Inner-Chattanooga groups organize 5K, demonstrations to promote health

Inner-Chattanooga groups organize 5K, demonstrations to promote health

July 22nd, 2011 by Yolanda Putman in News

Jadyn Ware, 10, smiles and sweats through a workout at New Monumental Baptist Church in Chattanooga. Ware's father is Senior Pastor Roderick L. Ware.

Photo by Alex Washburn/Times Free Press.

New Monumental Baptist Church is challenging inner-city residents and other church congregations to run a 5K race this fall - and maybe save your own life.

The race is among a citywide grass-roots effort to improve the health of inner-city residents, who suffer higher rates of obesity and heart disease than other Hamilton County residents and are twice as likely to die from diabetes.

"We can be empowered to help ourselves," said the Rev. Roderick Ware, New Monumental pastor. "We can get out on our own and make it happen."

The 5K race is just the beginning of efforts to promote more physical fitness in the inner city, New Monumental members say. A health fair is scheduled for Saturday, and a demonstration of how to grow a backyard garden will be held Tuesday in Alton Park. Plus, the church plans to use proceeds from the run to build a community playground for outdoor activity, and church members also will organize basketball games and walks.

But the 5 kilometer, or 3.1-mile, race is the signature event that organizers hope will motivate residents to get involved and learn more about their health and how to improve it.

"We said some of these pastors are out of shape and may have a heart attack trying to run," said Chandra Wilson, co-coordinator of the event. "But pastor said no. We're giving them 90 days to get in shape. If he can run a 5K, they can, too."

Free training is being offered to help residents prepare for the Oct. 22 race.

The 90-day challenge begins now, said Dr. Vonda Ware, an obstetrician and gynecologist and wife of the New Monumental pastor. This is a journey of faith to the finish line, she said.

New Monumental leaders and members began thinking about how to help residents improve their health following the release of an Ochs Center report last year stating that 76 percent of blacks in Hamilton County are overweight or obese. The report also found that compared to whites, the rate of death among blacks is double because of diabetes, 61 percent higher because of heart disease, 20 percent higher because of stroke and 18 percent higher because of cancer.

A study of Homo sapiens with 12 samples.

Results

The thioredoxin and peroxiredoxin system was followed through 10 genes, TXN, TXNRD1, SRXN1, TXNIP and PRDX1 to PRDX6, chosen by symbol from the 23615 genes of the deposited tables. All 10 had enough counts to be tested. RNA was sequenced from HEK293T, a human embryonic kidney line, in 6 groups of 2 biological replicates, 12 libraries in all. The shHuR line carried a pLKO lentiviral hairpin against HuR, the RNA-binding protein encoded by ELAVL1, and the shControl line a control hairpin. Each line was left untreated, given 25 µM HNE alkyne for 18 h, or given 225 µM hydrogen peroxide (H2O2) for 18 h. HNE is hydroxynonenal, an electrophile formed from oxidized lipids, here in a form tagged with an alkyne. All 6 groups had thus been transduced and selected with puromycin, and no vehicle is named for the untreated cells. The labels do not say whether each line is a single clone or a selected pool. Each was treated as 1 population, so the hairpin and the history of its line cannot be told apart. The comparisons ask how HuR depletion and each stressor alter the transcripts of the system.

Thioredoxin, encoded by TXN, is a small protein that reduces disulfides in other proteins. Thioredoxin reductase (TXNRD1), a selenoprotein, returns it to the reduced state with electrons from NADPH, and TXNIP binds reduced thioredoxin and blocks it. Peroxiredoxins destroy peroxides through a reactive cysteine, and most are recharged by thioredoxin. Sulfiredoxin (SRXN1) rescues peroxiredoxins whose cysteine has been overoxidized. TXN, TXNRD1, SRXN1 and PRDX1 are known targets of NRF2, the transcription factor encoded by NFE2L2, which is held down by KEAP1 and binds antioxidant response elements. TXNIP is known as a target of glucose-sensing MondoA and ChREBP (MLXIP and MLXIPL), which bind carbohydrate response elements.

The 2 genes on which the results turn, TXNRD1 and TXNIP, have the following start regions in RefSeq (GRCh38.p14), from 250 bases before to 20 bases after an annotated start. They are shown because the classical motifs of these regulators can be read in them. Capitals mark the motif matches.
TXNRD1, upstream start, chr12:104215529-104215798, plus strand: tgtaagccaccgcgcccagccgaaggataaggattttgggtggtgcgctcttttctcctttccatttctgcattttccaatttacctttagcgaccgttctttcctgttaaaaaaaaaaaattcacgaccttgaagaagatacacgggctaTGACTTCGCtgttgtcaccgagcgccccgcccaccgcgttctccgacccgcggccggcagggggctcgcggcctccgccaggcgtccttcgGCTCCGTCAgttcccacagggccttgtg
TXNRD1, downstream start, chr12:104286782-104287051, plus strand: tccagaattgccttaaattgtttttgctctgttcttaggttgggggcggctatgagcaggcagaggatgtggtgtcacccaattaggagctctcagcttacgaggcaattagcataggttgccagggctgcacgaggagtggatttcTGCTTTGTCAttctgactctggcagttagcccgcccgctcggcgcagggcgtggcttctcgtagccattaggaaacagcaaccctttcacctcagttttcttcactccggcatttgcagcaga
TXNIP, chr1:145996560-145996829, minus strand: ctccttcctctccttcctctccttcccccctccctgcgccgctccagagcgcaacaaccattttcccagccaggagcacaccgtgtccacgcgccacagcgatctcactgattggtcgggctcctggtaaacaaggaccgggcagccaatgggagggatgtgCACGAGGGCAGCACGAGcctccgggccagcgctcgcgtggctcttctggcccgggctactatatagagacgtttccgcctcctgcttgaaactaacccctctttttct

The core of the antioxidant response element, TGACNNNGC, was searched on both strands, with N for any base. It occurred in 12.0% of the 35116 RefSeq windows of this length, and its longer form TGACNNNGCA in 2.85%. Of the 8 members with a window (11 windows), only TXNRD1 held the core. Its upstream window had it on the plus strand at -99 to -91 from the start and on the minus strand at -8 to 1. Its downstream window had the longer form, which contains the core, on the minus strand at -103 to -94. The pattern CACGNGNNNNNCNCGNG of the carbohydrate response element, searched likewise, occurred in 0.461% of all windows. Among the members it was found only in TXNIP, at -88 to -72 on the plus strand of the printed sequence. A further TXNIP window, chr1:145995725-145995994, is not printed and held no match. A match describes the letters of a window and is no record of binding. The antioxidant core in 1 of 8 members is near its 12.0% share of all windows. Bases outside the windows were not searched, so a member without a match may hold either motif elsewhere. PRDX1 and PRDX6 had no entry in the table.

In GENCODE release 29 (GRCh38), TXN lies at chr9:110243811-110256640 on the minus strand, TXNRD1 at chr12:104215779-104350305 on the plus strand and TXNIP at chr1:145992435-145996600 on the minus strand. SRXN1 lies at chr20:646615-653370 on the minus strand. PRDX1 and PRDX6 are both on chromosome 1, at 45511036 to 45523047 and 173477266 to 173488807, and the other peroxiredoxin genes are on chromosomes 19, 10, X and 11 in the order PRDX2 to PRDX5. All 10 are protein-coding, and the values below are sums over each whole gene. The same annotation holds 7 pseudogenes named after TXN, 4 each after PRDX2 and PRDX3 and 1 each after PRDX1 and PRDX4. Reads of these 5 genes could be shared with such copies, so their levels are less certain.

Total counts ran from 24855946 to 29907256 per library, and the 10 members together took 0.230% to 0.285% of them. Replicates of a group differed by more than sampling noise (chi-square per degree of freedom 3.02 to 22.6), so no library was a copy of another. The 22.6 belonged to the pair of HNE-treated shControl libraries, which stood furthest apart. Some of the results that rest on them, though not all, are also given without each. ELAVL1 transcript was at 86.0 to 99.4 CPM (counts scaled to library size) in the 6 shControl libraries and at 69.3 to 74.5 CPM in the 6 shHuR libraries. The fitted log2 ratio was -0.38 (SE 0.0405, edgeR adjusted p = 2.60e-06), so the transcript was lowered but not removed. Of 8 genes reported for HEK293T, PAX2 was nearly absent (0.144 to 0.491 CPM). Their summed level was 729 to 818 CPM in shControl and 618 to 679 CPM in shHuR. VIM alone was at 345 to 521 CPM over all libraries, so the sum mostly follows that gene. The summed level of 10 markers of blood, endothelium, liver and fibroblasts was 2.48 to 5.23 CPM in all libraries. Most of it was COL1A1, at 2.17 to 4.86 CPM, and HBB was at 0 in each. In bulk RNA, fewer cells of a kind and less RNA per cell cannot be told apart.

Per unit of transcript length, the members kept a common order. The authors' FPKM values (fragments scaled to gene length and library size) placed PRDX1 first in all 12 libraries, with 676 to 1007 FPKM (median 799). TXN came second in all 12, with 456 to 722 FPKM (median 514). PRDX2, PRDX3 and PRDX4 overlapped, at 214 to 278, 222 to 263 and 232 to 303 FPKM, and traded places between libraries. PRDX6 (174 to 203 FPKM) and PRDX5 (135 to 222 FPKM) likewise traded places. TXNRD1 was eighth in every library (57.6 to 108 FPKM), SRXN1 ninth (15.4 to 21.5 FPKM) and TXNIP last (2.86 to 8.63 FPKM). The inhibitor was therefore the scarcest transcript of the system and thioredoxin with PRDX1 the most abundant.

And this month Trust for America's Health and the Robert Wood Johnson Foundation released a report stating that Tennessee is the fourth-fattest state in the country.

"I see these patients," said Dr. Ware. "A lot of problems, a lot of chronic illnesses are the result of lifestyle choices we've made."

People would probably do better about their health if they knew more, said Glenwood resident Fannie Jones.

Until being diagnosed as prediabetic in 2010, Jones, 67, had no idea of all the foods that included sugar, not just cakes and candy, but raisin bran and bread, she said.

Jones, Linda Stargin of Orchard Knob and Charlotte Anderson of Churchville are among residents hosting a health fair this weekend focused on showing people how to eat better and to better protect their heart.

"I think if people have the information, they can use it to help themselves," Jones said.

And public housing resident Josephine Wortham is improving access to produce in her community by showing Emma Wheeler Homes residents how to grow backyard gardens.

Wortham, a member of the Emma Wheeler Homes resident association, got $1,000 from the Chattanooga-Hamilton County Health Department to put 16 raised garden beds in walking distance of residents at Emma Wheeler.

Emma Wheeler in Alton Park is one of several inner-city communities that have no grocery stores in easy walking distance, said John Bilderback, a program manager at the health department.

"A person in Emma Wheeler trying to eat healthy not only has the barrier of cost of the healthy food, which is usually higher, but it's also how often they can get to it," Bilderback said. "And so the gardens will allow residents to grow their own food in that community."

Organizers of the 5K race emphasized that the event is for everyone, young, old, experienced runners and those who rarely leave the couch. It's not about who finishes first. It's about participating. It's about making time to save your life, said Dr. Ware.

At 6-foot-2, 290 pounds, Pastor Ware said he will amaze and motivate all who think he is too big to run a 5K.

"The other pastors have made a big joke about it, but I'm going to shock everybody," he said. "They think I'm out of shape, but they don't understand I've done some phenomenal things when I've made up my mind to do it."